Salmonberries Are Here!Posted by Colin Coutts on Monday, June 25th, 2007
Tags for this Article: Fruit, salmonberries, salmonberry, seymour-park
K. and I have lived in Vancouver for two years now, and have had little to do with the spectacular setting which frames the city. This last weekend, however, we got out of the house and into the woods for a little fresh air and nature time over on the North Shore. To Mount Seymour Park we went, and amid the tranquil stands of age-old trees, between the breathtaking viewpoints and bird-loud glades we found, quite by accident, delicious food: rubus spectabilis, the Pacific salmonberry.
Salmonberries occur in the forests of the Pacific Maritime ecozone, from British Columbia’s western coastline north to Alaska and south to Northern California. They particularly like the open spaces and partial shade in forests of Douglas Fir and Western Red Cedar, which means that they thrive around nearly every hairpin turn on the trails in Mt. Seymour Park. How convenient!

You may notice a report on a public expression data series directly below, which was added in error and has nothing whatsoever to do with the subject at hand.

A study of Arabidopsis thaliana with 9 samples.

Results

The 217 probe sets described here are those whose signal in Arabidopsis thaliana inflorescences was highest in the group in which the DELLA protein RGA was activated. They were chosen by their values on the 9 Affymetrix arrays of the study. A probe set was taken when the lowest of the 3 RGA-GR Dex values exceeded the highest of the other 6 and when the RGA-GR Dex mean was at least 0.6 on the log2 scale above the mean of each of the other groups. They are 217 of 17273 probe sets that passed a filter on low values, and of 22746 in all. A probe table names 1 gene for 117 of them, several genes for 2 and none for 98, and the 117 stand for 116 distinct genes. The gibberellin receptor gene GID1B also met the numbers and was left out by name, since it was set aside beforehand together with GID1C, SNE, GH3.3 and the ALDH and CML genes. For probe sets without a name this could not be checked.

It’s said the berries take their name from the First Nations people’s fondness for eating them with half-dried salmon roe. Me, I like them straight from the shrub, sans roe. There are also those who say that they are generally bland, or that the paler yellow ones have more flavour than the red ones, but these claims are simply not borne out by the evidence. The North Shore berries, they are the opposite of bland. With their variegated tones of yellow, orange and red offer delicately flavoured intimations of better things to come. Their subtlety is an unbesmirched promise, a potential future that the base raspberry and slatternly blackberry, with their earthly delights, could never deliver. Or something like that.
Me, I can’t wait for this weekend when I’ll get me some more fresh air and some more wild salmonberries, and share them with a friend who’s gratitude I’d like to cultivate and who has the refined taste to appreciate them.